What happened

Shares of 2U Inc. (TWOU -5.29%) in August, according to data from S&P Global Market Intelligence, as investors digested another strong quarterly report and an encouraging slate of graduate program launches from the online education platform leader.

On the former, 2U stock initially declined around 6% on Aug. 3, 2018, after the company not only handily beat expectations with its second-quarter results but also raised its full-year guidance. As I wrote at the time, however, that move appeared to have more to do with short-term traders taking profits (the stock was up 60% over the previous year) than with investors picking apart 2U's financial performance.

Student working at a laptop in front of several large windows


So what

More specifically, 2U's second-quarter revenue increased 49.8% year over year to $97.4 million, which translated to an adjusted net loss of $10.3 million, or $0.19 per share. Note that with contracts lasting between 10 and 15 years on average, 2U absorbs the bulk of the cost of setting up new graduate programs in exchange for the majority of tuition revenue down the road -- hence its lack of profits in the near term.

In any case, both the top and bottom lines arrived comfortably above 2U's own guidance, which had called for an adjusted per-share loss of $0.22 to $0.21 on revenue of $95.1 million to $96.1 million.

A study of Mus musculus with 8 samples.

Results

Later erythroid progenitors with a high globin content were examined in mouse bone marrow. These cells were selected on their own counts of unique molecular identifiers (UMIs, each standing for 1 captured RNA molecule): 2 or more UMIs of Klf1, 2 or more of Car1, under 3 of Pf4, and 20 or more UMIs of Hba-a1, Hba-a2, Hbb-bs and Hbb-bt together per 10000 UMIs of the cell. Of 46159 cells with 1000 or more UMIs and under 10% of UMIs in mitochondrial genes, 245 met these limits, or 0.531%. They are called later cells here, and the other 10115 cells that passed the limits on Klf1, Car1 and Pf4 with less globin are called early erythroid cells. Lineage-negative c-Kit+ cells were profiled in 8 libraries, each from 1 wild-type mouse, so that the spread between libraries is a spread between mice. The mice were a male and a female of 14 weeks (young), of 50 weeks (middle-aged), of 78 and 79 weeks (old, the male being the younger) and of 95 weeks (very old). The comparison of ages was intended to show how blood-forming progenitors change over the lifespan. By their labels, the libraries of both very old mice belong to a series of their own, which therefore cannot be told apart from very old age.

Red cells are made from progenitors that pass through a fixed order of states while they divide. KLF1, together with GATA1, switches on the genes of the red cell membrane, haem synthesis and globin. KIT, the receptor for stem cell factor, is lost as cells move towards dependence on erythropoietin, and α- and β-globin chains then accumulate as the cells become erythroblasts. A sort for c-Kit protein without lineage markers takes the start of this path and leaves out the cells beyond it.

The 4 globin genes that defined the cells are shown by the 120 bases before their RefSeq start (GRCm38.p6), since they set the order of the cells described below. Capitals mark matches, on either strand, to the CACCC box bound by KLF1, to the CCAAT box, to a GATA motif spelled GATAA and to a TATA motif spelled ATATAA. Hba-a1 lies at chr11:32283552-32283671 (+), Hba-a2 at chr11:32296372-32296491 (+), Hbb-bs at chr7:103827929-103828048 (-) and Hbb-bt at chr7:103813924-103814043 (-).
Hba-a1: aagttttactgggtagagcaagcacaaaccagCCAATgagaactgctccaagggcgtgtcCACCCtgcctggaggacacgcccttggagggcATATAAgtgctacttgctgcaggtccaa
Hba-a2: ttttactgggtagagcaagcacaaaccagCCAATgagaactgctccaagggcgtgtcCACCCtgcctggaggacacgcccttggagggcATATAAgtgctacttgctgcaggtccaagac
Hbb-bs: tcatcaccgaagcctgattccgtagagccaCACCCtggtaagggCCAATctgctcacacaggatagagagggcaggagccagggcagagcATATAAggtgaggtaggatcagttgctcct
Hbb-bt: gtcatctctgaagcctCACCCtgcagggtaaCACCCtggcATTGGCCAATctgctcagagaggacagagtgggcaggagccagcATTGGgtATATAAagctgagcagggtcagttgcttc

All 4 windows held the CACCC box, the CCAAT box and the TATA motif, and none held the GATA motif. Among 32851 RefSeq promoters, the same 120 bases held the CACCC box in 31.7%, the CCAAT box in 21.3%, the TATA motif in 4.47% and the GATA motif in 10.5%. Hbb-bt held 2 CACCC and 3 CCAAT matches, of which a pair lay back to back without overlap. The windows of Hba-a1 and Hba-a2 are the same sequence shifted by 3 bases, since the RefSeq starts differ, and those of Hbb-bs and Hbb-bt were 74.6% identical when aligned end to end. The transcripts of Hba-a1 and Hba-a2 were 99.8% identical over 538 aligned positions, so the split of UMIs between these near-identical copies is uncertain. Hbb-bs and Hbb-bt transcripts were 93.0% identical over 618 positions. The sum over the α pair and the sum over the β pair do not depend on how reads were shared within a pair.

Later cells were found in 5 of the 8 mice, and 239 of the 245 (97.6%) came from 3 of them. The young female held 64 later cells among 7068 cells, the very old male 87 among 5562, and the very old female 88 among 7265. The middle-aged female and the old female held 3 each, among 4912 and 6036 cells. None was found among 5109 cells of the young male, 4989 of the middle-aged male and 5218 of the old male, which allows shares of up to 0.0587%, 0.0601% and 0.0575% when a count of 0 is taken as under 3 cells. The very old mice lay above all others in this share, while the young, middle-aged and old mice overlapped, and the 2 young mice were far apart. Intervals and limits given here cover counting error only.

What's more, as of its quarterly report, 2U had announced a total of eight new graduate programs in the previous three months, putting it on track to complete its initial target of 16 graduate program launches in 2019.

Now what

If that weren't enough, 2U announced less than two weeks later that it has not only increased that 2019 target by one to 17 programs, but also increased its 2020 target by two programs to 21. Furthermore, the company aims to launch a record 25 new graduate programs in 2021.

Assuming all goes as planned, that will mean 2U will have more than doubled its current portfolio to over 100 programs in the next three years -- though it still leaves a long way to go before it reaches its longer-term stateside target of 250.

Given its solid second-quarter results and with so much growth left to realize, it's not hard to see why the stock extended this year's gains by another 18.1% last month.